Less than a year after a wildfire burned 96 percent of Bastrop State Park’s 6,613 acres, the Central Texas park is showing signs of rebirth. Camping areas and hiking trails have recently reopened and grass and trees are growing from the once-charred soil.
The devastating September fire hit the park as it was suffering through the most severe drought in recorded Texas history.
“It blew everybody away,” said Roger Dolle, the park’s site manager. “Nobody could believe how this fire reacted and how fast it burned and how hot it burned. After years and years of drought and prime fuels, it was the perfect storm.”
Although pine trees may never grow back as densely in some areas — the fire heavily damaged 34 percent of the park — none of the park’s buildings were burned. The park, which opened in December for the first time after the fire, closed again after heavy January rains. This month, after some improvement projects unrelated to the fire and park rehabilitation were completed, cabins and most hiking trails and camping areas reopened to the public.
Justice Jones, a fire prevention coordinator at the Texas Forest Service, said Bastrop officials had done all they could to educate people about protecting their homes ahead of the blaze, but that the September fire could not be prevented. The state was already experiencing extreme heat and little rainfall, and the fire began when trees fell on power lines.
“We knew it was going to be a bad year,” Jones said. “We knew that area was extremely high risk.”
Bastrop’s power companies wanted to clear trees around the area’s power lines before re-energizing them. Bastrop State Park officials, not wanting to chop down any of the few live trees they still had, began a project to route their primary electric service underground. The new placement would also avoid a repeat of how the massive wildfire started.
Since the fire in the park, an isolated region of drought-resistant loblolly pines, park officials have also chopped down leaning or burned trees that could have fallen on roads or campsites, battled erosion and rerouted hiking trails. The Texas Department of Transportation has been fixing rain-damaged roads. Native oak and invasive yaupon trees have sprouted.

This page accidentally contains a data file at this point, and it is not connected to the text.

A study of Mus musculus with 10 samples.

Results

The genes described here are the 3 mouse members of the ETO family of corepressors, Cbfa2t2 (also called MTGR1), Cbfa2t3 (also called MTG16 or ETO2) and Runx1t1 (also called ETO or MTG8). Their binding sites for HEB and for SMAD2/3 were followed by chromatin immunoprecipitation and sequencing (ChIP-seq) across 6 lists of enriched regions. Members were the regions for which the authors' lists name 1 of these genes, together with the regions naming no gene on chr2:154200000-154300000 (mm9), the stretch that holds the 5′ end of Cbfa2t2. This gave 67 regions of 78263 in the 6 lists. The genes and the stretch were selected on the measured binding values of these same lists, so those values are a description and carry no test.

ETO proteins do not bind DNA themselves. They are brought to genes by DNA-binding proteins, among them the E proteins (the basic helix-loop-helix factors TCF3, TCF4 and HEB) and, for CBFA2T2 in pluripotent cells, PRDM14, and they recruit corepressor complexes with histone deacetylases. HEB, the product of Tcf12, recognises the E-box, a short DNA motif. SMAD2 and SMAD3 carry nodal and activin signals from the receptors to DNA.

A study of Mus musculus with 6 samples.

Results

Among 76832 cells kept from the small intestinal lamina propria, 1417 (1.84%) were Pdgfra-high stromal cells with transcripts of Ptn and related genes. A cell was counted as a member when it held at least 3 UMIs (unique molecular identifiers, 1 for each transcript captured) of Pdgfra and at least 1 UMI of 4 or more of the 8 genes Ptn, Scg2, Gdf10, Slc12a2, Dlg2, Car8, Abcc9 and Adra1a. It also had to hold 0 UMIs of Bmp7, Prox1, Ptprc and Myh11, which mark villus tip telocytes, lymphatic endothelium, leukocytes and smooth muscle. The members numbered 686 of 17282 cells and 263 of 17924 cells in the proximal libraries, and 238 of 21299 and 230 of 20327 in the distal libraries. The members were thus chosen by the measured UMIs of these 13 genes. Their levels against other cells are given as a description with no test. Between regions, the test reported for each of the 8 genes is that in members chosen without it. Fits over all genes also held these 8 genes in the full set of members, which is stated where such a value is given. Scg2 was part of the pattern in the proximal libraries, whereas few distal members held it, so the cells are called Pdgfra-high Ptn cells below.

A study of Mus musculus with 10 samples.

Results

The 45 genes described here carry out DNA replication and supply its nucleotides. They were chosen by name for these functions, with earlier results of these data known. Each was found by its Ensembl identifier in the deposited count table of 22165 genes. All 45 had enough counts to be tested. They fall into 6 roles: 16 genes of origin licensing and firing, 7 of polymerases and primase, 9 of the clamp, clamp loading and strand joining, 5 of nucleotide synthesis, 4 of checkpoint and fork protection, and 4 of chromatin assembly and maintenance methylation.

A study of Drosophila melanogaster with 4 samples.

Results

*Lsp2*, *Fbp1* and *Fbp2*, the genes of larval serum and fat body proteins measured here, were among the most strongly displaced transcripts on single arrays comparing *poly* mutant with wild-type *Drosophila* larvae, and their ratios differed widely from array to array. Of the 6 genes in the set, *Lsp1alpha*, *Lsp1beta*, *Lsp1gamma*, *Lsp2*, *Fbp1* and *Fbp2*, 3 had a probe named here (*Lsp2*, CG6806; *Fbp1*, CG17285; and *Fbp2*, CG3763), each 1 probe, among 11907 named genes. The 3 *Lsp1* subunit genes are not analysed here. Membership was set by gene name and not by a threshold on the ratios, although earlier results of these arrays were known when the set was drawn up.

Park officials were prepared for erosion problems after the fire burned grass and small plants holding the soil in place and heavy rains washed away roads and soil. To address the problem, parts of the park were sprayed with a mustard yellow-colored mixture of water, a glue-like solution, fine wood fiber mulch and grass seeds through a process called hydromulching. The hydromulch has already withstood heavy rain, and Dolle is hopeful that the rehabilitation will hold up against further erosion.
Dolle also hopes to start replanting pine trees this winter and to continue over the next few years.
“We’re hesitant to go out and start planting, because we don’t know what Mother Nature is going to throw at us,” Dolle said. “But we’ve got to do something.”
Oaks have started sprouting, but because park officials do not want the park to turn into an oak and yaupon thicket that competes with pines for resources, park officials plan to cull the oak and yaupon manually or with chemicals or controlled burning.
The region’s endangered Houston toad has not regenerated so quickly. The toads can burrow up to a foot underground, but the fire burned as deep as 18 inches. Toads have been spotted since the fire, but the outlook for them looks “pretty grim,” Dolle said.
Texas parks were already facing a $4.6 million budget shortfall for 2012 when the fire hit. About half of Texas state parks’ revenue comes from visitor fees, but the drought has discouraged camping across the state. Erosion control alone has already cost the park $1.1 million, and it is not finished. Most of the park’s rehabilitation has been paid for by donations.
“Getting folks to come out and visit state parks is the best thing that we can ask for,” said Todd McClanahan, a regional director for the Texas Parks and Wildlife Department.